Why Now Is the Time to Create a Comprehensive Estate Plan


However, thinking this way can be a big mistake. You don’t have to be a multi-millionaire to create an estate plan. In fact, if you own anything of value — whether it’s a home, car, investment securities, real estate, a business or collectibles — you have an estate and need an estate plan.

What Exactly Is Estate Planning?
In its simplest terms, estate planning is the process of planning ahead to make sure that your personal possessions and assets are distributed as you desire when you die. Of course, nobody likes to think about death — but failing to plan for the efficient distribution of your estate after you die can result in disastrous consequences for your family and heirs.

One of these is that your assets might have to go through probate. This is a time-consuming and expensive process that makes the details of your estate public, which could deprive your heirs and family of much-needed privacy during a difficult time. And when your assets pass through probate, they will be distributed by the state, not necessarily according to your wishes.

Another consequence of failing to plan your estate is that you may not have appointed a guardian for your minor children. If you and your spouse both die at the same time, a court-appointed guardian will be assigned to your children — possibly without any consideration of your personal wishes in mind.
These reasons and more make it critical that you create an estate plan if you don’t currently have one. The core documents that comprise a comprehensive estate plan typically include:

  • Last will and testament — This explains how your assets should be distributed to your heirs and/or charity after you die.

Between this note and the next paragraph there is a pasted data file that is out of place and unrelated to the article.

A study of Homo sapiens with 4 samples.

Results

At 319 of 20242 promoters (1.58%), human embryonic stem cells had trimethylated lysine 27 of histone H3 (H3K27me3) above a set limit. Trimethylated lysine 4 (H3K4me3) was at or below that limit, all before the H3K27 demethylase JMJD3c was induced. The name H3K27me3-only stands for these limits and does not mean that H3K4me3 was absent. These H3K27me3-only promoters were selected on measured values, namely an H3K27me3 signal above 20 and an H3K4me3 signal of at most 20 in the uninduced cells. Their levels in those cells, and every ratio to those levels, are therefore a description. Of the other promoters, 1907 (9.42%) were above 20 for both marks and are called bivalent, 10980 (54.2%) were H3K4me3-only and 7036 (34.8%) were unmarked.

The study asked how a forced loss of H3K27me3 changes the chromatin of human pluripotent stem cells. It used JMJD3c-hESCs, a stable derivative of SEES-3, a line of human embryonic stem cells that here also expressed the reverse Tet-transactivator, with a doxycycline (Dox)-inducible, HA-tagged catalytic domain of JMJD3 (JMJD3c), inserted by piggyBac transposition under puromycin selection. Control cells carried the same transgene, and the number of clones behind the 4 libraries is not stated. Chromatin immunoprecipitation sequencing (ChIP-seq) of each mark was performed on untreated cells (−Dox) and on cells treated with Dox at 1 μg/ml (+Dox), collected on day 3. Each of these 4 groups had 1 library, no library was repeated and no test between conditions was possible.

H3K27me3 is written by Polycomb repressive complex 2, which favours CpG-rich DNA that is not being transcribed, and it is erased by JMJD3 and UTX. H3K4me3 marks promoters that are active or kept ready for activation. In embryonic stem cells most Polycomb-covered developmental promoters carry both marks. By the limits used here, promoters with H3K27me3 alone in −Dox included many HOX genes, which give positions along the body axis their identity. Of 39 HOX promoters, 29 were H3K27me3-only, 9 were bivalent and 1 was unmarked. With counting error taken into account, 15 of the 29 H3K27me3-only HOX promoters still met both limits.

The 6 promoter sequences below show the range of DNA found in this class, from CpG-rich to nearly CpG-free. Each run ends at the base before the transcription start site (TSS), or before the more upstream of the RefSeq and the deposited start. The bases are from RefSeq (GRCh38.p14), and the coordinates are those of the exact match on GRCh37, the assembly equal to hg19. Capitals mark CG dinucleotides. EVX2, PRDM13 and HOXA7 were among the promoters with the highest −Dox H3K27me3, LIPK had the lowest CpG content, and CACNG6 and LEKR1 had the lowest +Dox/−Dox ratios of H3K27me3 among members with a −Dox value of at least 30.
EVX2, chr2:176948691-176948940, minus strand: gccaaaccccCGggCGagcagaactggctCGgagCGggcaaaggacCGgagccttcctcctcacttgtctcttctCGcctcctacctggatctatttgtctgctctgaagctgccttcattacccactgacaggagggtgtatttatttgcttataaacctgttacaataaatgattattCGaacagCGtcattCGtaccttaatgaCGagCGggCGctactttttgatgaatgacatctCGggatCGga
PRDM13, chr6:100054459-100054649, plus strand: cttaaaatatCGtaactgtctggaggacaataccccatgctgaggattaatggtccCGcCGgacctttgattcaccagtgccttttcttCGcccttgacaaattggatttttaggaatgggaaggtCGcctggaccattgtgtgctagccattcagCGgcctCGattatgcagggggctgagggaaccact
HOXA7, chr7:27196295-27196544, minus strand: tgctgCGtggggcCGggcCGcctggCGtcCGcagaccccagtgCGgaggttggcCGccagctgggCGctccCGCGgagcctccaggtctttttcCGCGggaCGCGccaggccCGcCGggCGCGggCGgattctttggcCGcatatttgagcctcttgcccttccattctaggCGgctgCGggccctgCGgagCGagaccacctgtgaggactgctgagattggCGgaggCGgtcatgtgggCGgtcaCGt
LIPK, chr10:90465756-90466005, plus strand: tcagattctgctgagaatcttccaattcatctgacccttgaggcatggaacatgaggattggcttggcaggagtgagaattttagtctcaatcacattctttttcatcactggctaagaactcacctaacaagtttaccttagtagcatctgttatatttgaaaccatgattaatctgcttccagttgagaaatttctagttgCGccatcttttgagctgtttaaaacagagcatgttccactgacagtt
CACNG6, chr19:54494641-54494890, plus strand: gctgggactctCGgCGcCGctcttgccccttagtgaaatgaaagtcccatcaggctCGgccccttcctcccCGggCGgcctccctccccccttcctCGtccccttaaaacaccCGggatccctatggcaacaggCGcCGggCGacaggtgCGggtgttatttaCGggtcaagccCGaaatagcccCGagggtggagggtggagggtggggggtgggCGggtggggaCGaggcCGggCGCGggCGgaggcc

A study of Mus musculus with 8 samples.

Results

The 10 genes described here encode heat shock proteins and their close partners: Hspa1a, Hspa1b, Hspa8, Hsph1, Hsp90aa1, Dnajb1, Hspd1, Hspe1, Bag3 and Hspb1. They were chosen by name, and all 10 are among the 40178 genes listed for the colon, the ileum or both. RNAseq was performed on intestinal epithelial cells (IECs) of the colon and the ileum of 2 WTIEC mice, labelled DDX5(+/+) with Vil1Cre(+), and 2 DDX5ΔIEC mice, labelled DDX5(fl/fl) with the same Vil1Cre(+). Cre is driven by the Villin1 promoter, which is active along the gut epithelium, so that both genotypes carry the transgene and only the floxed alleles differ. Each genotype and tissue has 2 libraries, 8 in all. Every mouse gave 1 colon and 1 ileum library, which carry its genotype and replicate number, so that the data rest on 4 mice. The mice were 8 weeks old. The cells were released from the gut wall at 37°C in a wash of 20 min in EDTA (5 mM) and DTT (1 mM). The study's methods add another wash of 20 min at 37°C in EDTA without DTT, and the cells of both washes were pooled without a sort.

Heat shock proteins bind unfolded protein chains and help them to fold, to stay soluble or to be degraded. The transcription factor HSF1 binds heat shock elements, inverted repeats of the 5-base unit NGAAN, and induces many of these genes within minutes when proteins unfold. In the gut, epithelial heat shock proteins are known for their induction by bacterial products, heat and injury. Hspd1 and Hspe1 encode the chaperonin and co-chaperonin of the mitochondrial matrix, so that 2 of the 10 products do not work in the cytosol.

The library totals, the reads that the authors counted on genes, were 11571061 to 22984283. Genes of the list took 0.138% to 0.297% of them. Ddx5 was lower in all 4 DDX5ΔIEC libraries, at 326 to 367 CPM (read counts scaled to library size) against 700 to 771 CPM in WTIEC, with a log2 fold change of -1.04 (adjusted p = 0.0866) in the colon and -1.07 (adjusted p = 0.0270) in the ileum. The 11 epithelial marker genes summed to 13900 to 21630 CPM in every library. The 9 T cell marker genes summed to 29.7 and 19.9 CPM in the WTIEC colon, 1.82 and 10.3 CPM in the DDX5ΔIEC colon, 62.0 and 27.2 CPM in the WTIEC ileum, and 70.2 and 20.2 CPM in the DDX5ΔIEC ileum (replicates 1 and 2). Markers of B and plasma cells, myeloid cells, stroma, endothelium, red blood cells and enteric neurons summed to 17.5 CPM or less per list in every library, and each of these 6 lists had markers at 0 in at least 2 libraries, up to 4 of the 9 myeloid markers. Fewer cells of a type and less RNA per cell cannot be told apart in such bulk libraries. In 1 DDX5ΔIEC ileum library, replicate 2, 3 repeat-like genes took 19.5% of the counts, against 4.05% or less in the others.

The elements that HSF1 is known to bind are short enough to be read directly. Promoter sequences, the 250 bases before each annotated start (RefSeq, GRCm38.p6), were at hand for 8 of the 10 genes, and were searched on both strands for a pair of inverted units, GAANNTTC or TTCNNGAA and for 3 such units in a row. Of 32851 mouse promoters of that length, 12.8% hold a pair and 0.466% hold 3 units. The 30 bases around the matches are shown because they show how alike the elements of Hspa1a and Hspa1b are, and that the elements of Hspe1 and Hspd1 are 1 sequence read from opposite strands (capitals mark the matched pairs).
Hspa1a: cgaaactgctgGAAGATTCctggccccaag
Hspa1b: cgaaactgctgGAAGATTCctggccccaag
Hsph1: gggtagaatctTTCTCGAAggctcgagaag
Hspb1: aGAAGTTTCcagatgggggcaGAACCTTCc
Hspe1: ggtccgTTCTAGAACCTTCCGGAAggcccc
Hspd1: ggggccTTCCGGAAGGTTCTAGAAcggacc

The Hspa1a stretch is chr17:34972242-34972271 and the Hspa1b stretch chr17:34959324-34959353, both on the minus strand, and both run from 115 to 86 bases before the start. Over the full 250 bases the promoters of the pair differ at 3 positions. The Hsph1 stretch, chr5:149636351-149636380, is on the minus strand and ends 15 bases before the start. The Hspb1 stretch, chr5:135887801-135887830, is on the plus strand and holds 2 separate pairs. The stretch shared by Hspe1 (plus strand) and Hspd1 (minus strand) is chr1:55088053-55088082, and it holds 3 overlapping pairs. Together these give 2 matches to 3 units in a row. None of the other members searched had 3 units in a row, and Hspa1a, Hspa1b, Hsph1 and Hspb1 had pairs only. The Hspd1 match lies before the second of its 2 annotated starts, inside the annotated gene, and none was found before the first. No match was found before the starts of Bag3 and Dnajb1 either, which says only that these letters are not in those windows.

• Living will — This details how life-sustaining medical decisions should be made if you are incapacitated and can’t make them yourself.
  • Durable power of attorney and healthcare power of attorney — These identify an individual who will be responsible for handling your financial affairs if you are incapacitated or in a vegetative state.

Minimizing Gift and Estate Taxes
If you have a large estate, you should take your estate planning to the next level and plan for how to minimize your heirs’ potential gift and estate tax liability.

How large an estate are we talking about? The lifetime gift and estate tax exclusion in 2016 is $5.45 million — this is the amount of money that you can give away during your lifetime and pass on to your heirs free from federal gift and estate taxes. If you’re married, you and your spouse can pass on an estate worth up to $10.9 million before federal gift and estate taxes kick in.

So if your estate is smaller than $5.45 million, or $10.9 million if you’re married, you probably don’t need to worry about estate taxes. But if it’s larger than this, or you anticipate that it will grow to become larger than this by the time you die, you should meet with an estate planning professional to discuss strategies for minimizing estate taxes.

This is crucial because estate taxes can take a big bite out of the amount of money and assets your heirs eventually inherit. The effective federal gift and estate tax rate is 40 percent — so if your estate is worth $20 million, your heirs could pay estate taxes of $3.64 million (20,000,000 – 10,900,000 = 9,100,000 x .40 = 3,640,000) if no estate tax planning is done. Depending on where you live, state estate taxes might also be levied.
Give us a call if you have more questions about estate planning or need assistance in creating a comprehensive estate plan for your family.


The commentary is limited to the dissemination of general information pertaining to Frontier Wealth Management, LLC's ("Frontier") investment advisory services. This information should not be used or construed as an offer to sell, a solicitation of an offer to buy or a recommendation for any security, market sector or investment strategy. There is no guarantee that the information supplied is accurate or complete. Frontier is not responsible for any errors or omissions, and provides no warranties with regards to the results obtained from the use of the information. Nothing in this document is intended to provide any legal, accounting or tax advice and Frontier does not provide such advice. This information is subject to change without notice and should not be construed as a recommendation or investment advice. You should consult an attorney, accountant or tax professional regarding your specific legal or tax situation.